RENEE MONTAGNE, host:
NPR's Brian Naylor reports.
BRIAN NAYLOR reporting:
The minimum wage/estate tax union was a marriage made not in heaven but in the offices of Republican leaders. They believed they had out-foxed Democrats, as one Republican congressman put it, by combining two economically disparate measures into one irresistible package. Democrats would get what they wanted - the first minimum wage increase in 10 years - and Republicans something they wanted - slashing the estate tax, or death tax, as they call it.
Senate Majority Leader Bill Frist also wanted to rebut the charge that this has been a do-nothing congress.
Senator BILL FRIST (Republican, Tennessee): That's why we're taking up the death tax once again, and that's why we're extending key tax relief provisions for another two years, and that's why we're raising the minimum wage. We're not doing nothing. We're doing something about issues that concern everyday, hardworking Americans all across this nation.
NAYLOR: Frist's mention of extending tax provisions was a reference to popular tax credits that might expire without this bill. Because the bill would have lumped these with the estate tax and minimum wage, the total package has become known around the Capitol as the trifecta. Senate Democratic leader Harry Reid had a more pejorative term.
Senator HARRY REID (Democrat, Nevada): Is this the legacy of the Republican majority? To spend all of our time on repealing the estate tax and threatening - threatening - Democratic senators, Republican senators and the American people - either do it with the defecta bill, or we're not gonna do anything.
NAYLOR: Though the measure was approved in the House early last Saturday morning with help from some Democrats, the opposition leaders in the Senate worked hard to keep their members in line. As much as they wanted to raise the minimum wage, they said the estate tax cut was a poison pill that would cost the Treasury $268 billion over the next 10 years.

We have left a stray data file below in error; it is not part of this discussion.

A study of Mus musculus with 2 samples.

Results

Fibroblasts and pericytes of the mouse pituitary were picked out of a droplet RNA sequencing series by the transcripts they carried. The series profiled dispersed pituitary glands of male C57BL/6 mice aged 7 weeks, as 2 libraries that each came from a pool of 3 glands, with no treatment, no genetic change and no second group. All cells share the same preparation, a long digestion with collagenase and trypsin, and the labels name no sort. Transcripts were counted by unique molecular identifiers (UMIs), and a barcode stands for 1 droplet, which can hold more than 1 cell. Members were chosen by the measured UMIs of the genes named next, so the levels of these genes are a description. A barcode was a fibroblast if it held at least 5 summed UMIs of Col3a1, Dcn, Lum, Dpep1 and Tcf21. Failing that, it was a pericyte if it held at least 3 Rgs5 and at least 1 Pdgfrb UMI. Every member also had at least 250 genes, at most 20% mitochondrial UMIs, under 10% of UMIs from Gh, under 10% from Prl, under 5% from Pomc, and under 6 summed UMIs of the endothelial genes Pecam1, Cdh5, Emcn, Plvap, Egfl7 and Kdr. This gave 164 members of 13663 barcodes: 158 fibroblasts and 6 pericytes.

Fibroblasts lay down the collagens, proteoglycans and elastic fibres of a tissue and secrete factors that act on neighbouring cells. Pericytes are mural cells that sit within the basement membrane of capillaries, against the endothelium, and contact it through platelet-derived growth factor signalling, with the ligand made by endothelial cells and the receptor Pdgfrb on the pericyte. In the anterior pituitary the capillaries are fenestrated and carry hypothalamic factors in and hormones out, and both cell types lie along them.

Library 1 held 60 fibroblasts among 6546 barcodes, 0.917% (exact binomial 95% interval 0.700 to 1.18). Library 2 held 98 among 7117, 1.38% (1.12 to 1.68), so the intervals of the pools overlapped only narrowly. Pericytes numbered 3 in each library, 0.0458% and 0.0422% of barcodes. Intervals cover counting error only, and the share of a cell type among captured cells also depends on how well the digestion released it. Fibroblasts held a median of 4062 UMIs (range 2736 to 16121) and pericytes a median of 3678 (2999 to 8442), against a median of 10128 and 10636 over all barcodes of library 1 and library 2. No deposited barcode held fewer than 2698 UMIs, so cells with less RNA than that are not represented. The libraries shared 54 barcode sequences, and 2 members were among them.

Democrat Hillary Clinton of New York called it a case of bait-and-switch.
Senator HILLARY CLINTON (Democrat, New York): There are things in that package of bills that every one of us would sign on to. But we're not gonna sign on to a deceptive minimum wage that would actually lower the incomes of thousands and thousands of workers in states across our country.
NAYLOR: Clinton was referring to a provision of the bill affecting the tip income of restaurant workers and others in seven states. The non-partisan Congressional Budget Office and the Congressional Research Service both said the bill would mean a pay cut for workers in those states.
Republicans countered with a statement from the Labor Department that it meant no such thing. Here's Minnesota Republican Norm Coleman.
Senator NORM COLEMAN (Republican, Minnesota): Some of my Democratic colleagues are now arguing that the tip credit provision would actually lead to a reduction in the minimum wage for those workers in non-tip credit states. It is interesting that these colleagues of mine are making this argument at a time when we are close to providing an increase in the minimum wage.
NAYLOR: The bill had other, more specific sweeteners - timber tax credits targeting Washington State's two Democratic senators, money for coal mine safety and clean-up aimed at West Virginia's two Democrats. The list of goodies actually gave one Democrat who wanted to vote for the bill a reason to hold back. Ben Nelson of Nebraska said he wanted to know what else the measure contained.
Senator BEN NELSON (Democrat, Nebraska): But it's what's outside the bill that I don't know about that I want to know about. I might not have a problem with that either. The problem is when you don't know what you don't know, it makes it a real challenge to make a decision.
NAYLOR: In the end, the minimum wage estate tax bill won support from just four Democrats while two Republicans voted no, leaving majority leader Frist several votes shy of the 60 votes he needed to advance the measure. Now Republicans are wondering who got out-foxed.
Brian Naylor, NPR News, the Capitol.